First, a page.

TECH 3D-printed goggles aid medical workers


3D-printed goggles aid medical workers

China Daily

04:31, June 03, 2020


Parts of protective goggles made using a 3D printer by Hua Zikai and his team members in Shanghai. (Photo: China Daily)

Since the COVID-19 outbreak started, university lecturer Hua Zikai, together with his colleagues and students, has been designing protective equipment for medical workers and manufacturing it with 3D printers.

"At the beginning of the outbreak, many factories ceased production during Spring Festival, which made the equipment shortage more urgent to tackle. Having realized that, I called on my colleagues and students to help produce what doctors needed," Hua said.

His research team cooperated with about 40 hospitals nationwide, including orthopedics, rehabilitation and cardiology departments.

The associate professor from the School of Mechatronic Engineering and Automation at Shanghai University came up with the unconventional 3D-printing idea after he learned from his doctor friends about the shortage of protective gear. "At that time, some doctors even wore swimming goggles to protect themselves. Given the situation, I thought why not 3D print this equipment?" Hua said.

His team specializes in designing medical implants such as bone nails, plates and joint prostheses.

They hadn't 3D printed any goggles before, but they had experience in 3D printing other medical equipment, such as the braces used to attach artificial limbs.

On Jan 28, Hua and his team established a working group of eight teachers and graduate students to design the goggles, 3D print them and distribute them to hospitals.

The first model was produced 24 hours after the team started the task. After being improved for a better fit, production of the goggles began two days later.

By the end of March, with the assistance of several of the university's departments, Hua's team had delivered about 300 goggles to doctors in Shanghai.

"Although our products do not exactly meet the standard of the medical equipment used in infectious diseases departments, we could temporarily relieve the emergency in the face of the shortage. The more we printed, the safer doctors would be," Hua said.

Generous gesture

With limited resources, 3D-printing machines and personnel in his lab, Hua decided to release the model's design for free to enterprises that could put them into mass production.

The design was given away with the proviso under a "gentlemen's agreement" that companies who used it sold the goggles for only a small profit to hospitals or groups fighting COVID-19.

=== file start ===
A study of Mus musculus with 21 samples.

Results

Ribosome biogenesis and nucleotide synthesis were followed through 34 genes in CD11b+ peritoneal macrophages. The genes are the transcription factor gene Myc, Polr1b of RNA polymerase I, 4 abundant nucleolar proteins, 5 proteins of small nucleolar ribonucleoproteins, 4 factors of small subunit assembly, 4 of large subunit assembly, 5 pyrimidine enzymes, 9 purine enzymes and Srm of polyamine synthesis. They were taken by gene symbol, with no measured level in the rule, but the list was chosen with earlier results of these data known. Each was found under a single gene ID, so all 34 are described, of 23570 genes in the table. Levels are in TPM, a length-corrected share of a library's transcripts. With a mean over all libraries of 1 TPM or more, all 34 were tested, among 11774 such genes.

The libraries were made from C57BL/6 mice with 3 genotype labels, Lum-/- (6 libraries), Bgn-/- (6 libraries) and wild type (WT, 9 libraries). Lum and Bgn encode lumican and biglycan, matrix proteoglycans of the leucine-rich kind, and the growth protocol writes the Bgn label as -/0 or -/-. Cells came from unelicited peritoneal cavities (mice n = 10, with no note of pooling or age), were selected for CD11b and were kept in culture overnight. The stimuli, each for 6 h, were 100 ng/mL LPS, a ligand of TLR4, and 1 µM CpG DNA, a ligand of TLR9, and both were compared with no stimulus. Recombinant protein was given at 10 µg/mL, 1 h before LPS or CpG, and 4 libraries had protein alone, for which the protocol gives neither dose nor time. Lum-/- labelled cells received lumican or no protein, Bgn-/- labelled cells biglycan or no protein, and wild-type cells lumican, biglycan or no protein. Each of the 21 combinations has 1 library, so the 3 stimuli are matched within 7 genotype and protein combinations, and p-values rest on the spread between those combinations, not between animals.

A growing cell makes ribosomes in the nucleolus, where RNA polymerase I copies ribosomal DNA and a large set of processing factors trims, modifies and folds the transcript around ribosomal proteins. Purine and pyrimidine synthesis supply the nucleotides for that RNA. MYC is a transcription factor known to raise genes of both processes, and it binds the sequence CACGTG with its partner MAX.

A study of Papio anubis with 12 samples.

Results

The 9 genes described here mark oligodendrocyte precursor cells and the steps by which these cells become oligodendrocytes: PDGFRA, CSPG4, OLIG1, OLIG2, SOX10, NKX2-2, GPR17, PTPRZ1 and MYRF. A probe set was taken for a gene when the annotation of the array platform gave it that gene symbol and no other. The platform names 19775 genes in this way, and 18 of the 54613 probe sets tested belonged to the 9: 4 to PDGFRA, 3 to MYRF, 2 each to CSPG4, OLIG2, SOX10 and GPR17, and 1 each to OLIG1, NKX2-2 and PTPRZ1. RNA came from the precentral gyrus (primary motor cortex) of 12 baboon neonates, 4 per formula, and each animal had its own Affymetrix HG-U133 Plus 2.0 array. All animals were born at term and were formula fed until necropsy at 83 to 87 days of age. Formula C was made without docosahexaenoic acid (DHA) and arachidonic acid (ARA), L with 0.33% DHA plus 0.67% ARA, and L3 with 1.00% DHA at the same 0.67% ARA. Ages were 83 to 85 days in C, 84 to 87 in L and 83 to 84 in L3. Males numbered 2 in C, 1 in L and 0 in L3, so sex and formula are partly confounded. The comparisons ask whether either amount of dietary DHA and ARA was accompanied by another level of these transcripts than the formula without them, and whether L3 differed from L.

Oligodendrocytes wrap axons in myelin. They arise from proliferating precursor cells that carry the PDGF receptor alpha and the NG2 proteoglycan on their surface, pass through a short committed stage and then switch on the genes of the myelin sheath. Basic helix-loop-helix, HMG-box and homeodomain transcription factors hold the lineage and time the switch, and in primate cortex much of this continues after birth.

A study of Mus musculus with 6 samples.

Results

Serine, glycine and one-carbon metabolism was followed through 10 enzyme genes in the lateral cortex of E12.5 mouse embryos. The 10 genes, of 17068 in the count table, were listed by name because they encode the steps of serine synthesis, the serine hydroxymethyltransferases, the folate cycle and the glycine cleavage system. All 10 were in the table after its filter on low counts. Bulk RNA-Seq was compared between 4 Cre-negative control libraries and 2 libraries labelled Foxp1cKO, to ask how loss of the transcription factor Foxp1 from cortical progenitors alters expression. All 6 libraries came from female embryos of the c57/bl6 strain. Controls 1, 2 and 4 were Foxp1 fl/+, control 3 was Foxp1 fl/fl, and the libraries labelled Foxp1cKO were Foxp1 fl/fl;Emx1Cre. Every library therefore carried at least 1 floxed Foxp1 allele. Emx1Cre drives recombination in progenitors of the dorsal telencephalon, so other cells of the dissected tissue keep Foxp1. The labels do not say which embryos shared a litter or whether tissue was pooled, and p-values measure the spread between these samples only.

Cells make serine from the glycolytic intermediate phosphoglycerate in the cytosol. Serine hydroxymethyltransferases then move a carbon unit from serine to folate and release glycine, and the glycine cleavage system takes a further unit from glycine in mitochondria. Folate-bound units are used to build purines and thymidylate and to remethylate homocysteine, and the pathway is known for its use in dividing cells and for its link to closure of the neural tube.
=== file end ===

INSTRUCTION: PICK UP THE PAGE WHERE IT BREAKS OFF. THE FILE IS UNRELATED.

"I wouldn't allow them to profit from a national disaster," he said.

About eight companies downloaded the model and it turned out all of them did it merely to help, Hua said.

His team members also designed and made new protective equipment such as visors for doctors and shields for patients.

"We learned that visors were only available for fever clinics, not for outpatient clinic doctors who were also exposed to patients who possibly had contracted the novel coronavirus. We wouldn't let face masks be the first and only protection for medical workers so we then started to produce visors," Hua said.

Later, teachers and students helped cut and attach headbands and elastic to the visors, which they bought from a company in Guangdong province.

About 1,000 visors were made and sent to hospitals in Shanghai, including the Shanghai General, Xinhua and Huashan hospitals.

Now, the team is working on a device to help isolate patients on an operating table from doctors and other medical staff.

"Doctors are vulnerable to infection during intubation operations. They can wear a medical helmet, but it is too expensive."

The method involves placing a hinged Perspex box over the head and thoracic region of a patient so doctors have access to him or her.

A clear plastic tent is then placed over the box that allows negative air pressure to be pumped in through tubes then piped out for disinfecting. Negative air pressure is used in controlled medical environments to contain airborne contaminants.

"There hasn't been equipment like this in China and we are still refining it," Hua said.

His team members are passionate about the designs and making them a reality.

"During the outbreak, the students said they deeply understood that engineering is human-oriented and equipment designs should benefit society. They made the goggles and were brave enough to shoulder the responsibility," he said.